Glycogen Branching Enzyme Deficiency - GBED

  • DNA test for the Glycogen Branching Enzyme Deficiency (GBED). This test verifies the presence of the recessive GBED gene.


  • 20 to 30 - hair roots - envelope
  • 5 mL - blood - K3 EDTA tube

Turnaround time

  • 2 to 5  working days

Why test?

  • This genetic test helps breeders to identify horses that carrying the GBED recessive mutation. Informed choices can be made for breeding selections, and prevent the born of affected foals.

Results description

The DNA test verifies the presence of the recessive GBED gene and presents results as one of the following: 

  • N/ - Negative for GBED. Absence of the defective gene responsible for GBED.
  • N/GBED - Positive heterozygous for GBED - carrier. Presence of a mutated allele responsible for GBED.  The horse is a carrier for the GBED mutation and can pass on a copy of the defective gene of their progeny when bred.
  • GBED/ -  Positive homozygous for GBED. Presence of two mutated alleles responsible for GBED.  The horse is affected with the GBED and will pass the GBED allele to 100% of its offspring.

Additional information

Glycogen Branching Enzyme Deficiency (GBED) is a fatal condition caused by the bodies' inability to properly store sugar. In a normal horse, the body stores sugar as energy by converting glucose to glycogen. This inherited disorder prevents the body from producing the enzyme needed to branch the glycogen structure, preventing the horse from being able to adequately store the sugars. This means that the horse will not be able to store enough energy to fuel important organs, such as the muscles and brain.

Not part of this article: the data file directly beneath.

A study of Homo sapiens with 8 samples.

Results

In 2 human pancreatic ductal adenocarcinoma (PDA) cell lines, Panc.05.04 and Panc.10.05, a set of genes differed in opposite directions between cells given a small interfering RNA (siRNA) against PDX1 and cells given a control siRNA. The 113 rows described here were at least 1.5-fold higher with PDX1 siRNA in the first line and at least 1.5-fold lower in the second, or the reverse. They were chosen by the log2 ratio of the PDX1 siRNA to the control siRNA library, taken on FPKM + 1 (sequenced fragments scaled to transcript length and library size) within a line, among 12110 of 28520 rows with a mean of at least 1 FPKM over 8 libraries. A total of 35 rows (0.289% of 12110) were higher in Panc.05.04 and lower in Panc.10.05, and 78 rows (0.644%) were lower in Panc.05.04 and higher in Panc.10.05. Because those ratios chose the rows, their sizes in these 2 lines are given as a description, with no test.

Foals born which are affected by GBED suffer from a range of symptoms associated with this lack of fuel, such as low energy, weakness and difficulty rising. Other symptoms include low body temperature, contracted muscles, seizures, and sudden death. Unfortunately, GBED is always fatal; most affected foals will die before the age of 8 weeks. GBED often causes the foetus to be aborted in utero. Research suggests that as many as 3% of aborted Quarter Horse foals were homozygous for the GBED mutation.